One other way to know that conservatives also picked the wrong time to make a stand on privacy is that states have been busy lately extricating themselves from the job of sex police. In the same year that Starr was literally sifting through Lewinsky's dirty laundry, two more states continued a decade-long trend by which their courts and legislatures have been disavowing old sodomy laws, which made oral and anal sex illegal, sometimes just for homosexuals, sometimes for heterosexuals as well. In November the Georgia supreme court struck down one such law in that state. It was the same statute that had been narrowly upheld 12 years ago by the U.S. Supreme Court in Bowers v. Hardwick, a landmark setback to gay rights.
The Hardwick in question was Michael Hardwick, who had literally found a police officer in his bedroom. (The officer had come to Hardwick's house to serve a warrant for failure to pay a fine for public drunkenness, discovered him in bed with another guy and arrested him for that.) The Bowers was Michael Bowers, who was attorney general of Georgia. Last year, when Bowers ran unsuccessfully in Georgia's Republican gubernatorial primary, it emerged that at the same time that he was prosecuting Hardwick, he was in the midst of a 10-year adulterous affair with an office employee. Georgia law also made adultery a crime. No doubt Bowers' realities were complicated.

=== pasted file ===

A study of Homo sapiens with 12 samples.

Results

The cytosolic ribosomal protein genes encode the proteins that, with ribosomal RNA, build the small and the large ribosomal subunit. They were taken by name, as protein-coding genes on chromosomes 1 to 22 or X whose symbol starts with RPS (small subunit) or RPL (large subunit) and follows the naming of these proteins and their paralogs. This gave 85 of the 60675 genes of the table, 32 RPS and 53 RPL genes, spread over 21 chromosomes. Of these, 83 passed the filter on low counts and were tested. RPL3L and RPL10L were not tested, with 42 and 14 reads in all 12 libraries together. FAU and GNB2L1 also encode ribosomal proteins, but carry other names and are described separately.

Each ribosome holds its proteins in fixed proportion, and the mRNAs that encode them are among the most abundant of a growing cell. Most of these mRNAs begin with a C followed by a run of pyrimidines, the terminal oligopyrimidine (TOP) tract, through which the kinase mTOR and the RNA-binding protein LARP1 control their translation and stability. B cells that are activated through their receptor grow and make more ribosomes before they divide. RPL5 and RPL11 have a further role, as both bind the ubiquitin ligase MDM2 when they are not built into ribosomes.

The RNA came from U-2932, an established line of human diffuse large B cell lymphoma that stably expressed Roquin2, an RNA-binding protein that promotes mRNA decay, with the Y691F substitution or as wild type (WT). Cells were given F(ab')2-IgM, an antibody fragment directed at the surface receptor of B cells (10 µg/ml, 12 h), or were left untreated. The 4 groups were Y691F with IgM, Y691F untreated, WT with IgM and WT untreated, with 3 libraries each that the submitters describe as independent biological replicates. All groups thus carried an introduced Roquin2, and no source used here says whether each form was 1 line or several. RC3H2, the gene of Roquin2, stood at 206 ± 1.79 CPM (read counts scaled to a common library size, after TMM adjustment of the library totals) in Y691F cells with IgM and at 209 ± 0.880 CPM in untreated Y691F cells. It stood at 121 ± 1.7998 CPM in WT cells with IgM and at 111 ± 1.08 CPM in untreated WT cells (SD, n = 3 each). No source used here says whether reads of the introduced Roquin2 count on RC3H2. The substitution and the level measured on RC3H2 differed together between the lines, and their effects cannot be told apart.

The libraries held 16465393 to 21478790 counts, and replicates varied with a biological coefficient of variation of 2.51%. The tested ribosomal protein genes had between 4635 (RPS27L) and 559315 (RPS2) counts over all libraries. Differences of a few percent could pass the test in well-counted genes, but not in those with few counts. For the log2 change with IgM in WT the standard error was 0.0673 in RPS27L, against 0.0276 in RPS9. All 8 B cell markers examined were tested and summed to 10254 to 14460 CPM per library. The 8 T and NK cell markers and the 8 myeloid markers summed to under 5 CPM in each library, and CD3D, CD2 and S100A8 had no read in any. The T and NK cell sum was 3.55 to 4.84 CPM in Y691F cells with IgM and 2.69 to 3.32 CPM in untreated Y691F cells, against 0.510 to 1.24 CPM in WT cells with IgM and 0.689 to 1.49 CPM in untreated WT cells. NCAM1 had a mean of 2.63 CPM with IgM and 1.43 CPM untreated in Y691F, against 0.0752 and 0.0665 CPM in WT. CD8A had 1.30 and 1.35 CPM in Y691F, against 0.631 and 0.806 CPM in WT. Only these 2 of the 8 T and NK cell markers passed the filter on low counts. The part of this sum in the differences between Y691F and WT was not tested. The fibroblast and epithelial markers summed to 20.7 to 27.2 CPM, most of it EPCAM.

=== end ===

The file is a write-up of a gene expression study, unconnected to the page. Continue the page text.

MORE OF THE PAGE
This is precisely where the media got it wrong as well. Government and media--two bumptious and vainglorious institutions--are not the best places to look for judgments on anybody's personal life. To admit that is not the same as saying that "nobody cares" what Clinton and Lewinsky did. Or that no one is willing any longer to render moral judgments or apply those judgments to others. Or to say that jumping the interns, even the ones who snap their thongs, is anything other than pathetic, unseemly and wrong. It simply means that most people do not accept either government or media, those two clanging vessels, to speak for them on questions touching upon the most private of private behavior.
So on one side we have the physical and ethical gropings of Bill Clinton. But on the other are the hidden tape recorders and pornographic inquiries of Ken Starr. What most people decided this year is that if those are our choices, then Clinton at his most unbuckled and slippery is still less a threat to American values than Starr. They decided that Starr's questions are worse than Clinton's lies. That's a moral judgment too.